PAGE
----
Nebraska-Troy: Tracking the offense, defense
Tracking the offense
The game plan
Andrew Bunch spent much of the first half either handing the ball off or rolling out to extend pass plays. Nebraska (22 rushes, 14 passes before intermission) took a couple of shots downfield but was largely content calling off-tackle rushes and making quick throws to playmakers on the edges.
Nebraska broke a few chunk plays but generally remained limited in what it could do facing a physical Troy front seven and a point deficit throughout. Even with a few gifts from Troy, the Huskers couldn’t take advantage of open receivers and rarely made a key play when the moment presented itself.
Maurice Washington found some space to operate in his second collegiate game and immediately endeared himself to Husker fans with a few speedy runs around defenders. His 92 rushing yards were a game high, and he added three catches for 14 yards. That 6.6 yards-per-carry average will play any day.
Stat of the game
One: Number of times in 13 possessions Nebraska began a drive somewhere past its own 35-yard line. The exception came when NU started at Troy’s 8 after a muffed punt, but the Huskers had to settle for a field goal.
Not having a true running threat at quarterback on Frost’s run-pass options allowed Troy to stack the line of scrimmage, leaving Nebraska’s offense one-dimensional at times and simply ineffective at others. Three turnovers crippled Big Red’s efforts in the short term, but the O-line’s so-so showing — especially in the overall ground game (3.9 yards per carry) — saps much of the optimism from last week’s opener.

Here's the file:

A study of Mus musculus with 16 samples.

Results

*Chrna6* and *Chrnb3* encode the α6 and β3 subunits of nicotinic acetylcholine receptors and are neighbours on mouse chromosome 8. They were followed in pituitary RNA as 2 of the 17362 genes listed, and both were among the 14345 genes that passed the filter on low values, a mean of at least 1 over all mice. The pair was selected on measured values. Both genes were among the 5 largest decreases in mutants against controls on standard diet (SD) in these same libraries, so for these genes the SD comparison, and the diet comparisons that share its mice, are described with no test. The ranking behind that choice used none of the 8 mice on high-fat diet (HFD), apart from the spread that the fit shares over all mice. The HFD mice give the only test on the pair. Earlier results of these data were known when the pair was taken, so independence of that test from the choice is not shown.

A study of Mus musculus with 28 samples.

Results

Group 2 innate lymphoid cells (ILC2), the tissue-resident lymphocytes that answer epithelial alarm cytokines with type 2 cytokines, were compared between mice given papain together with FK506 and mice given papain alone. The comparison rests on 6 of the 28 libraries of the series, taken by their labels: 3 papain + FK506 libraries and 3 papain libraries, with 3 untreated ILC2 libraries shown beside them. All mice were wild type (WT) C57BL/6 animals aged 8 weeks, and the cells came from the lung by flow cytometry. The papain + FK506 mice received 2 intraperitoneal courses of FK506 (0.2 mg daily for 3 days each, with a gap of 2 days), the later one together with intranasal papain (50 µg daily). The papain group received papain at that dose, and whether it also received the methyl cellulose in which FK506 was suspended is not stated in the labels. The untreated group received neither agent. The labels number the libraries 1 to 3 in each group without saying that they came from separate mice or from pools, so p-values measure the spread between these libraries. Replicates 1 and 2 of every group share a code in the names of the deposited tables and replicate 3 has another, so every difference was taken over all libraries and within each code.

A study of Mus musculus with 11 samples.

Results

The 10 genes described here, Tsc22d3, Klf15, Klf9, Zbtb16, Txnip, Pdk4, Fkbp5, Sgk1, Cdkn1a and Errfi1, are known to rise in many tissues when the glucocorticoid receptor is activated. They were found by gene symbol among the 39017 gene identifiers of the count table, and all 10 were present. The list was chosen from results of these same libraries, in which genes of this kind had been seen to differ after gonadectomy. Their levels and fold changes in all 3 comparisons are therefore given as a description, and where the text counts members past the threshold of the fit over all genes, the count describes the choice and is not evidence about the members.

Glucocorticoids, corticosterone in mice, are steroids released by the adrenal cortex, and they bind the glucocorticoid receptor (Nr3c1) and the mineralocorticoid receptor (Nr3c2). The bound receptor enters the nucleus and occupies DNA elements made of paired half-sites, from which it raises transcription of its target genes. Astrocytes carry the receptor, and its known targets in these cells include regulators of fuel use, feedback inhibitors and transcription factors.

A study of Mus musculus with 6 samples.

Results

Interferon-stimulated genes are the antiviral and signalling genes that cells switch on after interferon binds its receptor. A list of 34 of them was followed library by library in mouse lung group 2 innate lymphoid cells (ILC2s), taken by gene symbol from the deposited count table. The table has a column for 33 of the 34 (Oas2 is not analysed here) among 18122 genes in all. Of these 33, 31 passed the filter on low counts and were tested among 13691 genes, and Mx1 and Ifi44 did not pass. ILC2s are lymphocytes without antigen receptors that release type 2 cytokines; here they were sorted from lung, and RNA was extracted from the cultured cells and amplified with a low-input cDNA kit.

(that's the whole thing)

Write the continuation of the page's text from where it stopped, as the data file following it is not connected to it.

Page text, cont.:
Tracking the defense
The game plan
The Huskers again varied their coverages, mixing in some early two-man fronts on passing downs with their 3-4 base formation. Three sacks highlighted the unit’s renewed aggression, though that trait also came back to bite the Blackshirts on a couple of key Troy runs and with two personal-foul penalties before the break.
Troy went conservative trying to kill clock late, and Nebraska was stout enough up front to get the ball back to its offense. But the big regret came on the 26-yard touchdown run that sealed the game for Troy against a four-lineman, five-defensive back look.
Will Honas took over heavy snaps at inside linebacker after Mo Barry was ejected early for targeting. The junior college transfer parlayed the opportunity into a team-high eight tackles and stuffed multiple Troy runs that got the Blackshirts off the field. He did miss a tackle on Troy’s second-quarter touchdown run.
Stat of the game
21: Games since a Nebraska cornerback snagged an interception before junior Lamar Jackson grabbed his first career pick in the first quarter. The last INT came from Chris Jones against Indiana in 2016.
This unit lapped special teams and the offense as Nebraska’s most effective unit against Troy, netting three more sacks and two quarterback hurries while responding well all afternoon in sudden-change situations. But the effort was incomplete, with the defense allowing the eventual winning touchdown in the fourth quarter and managing just one takeaway. The seeds are there for improvement.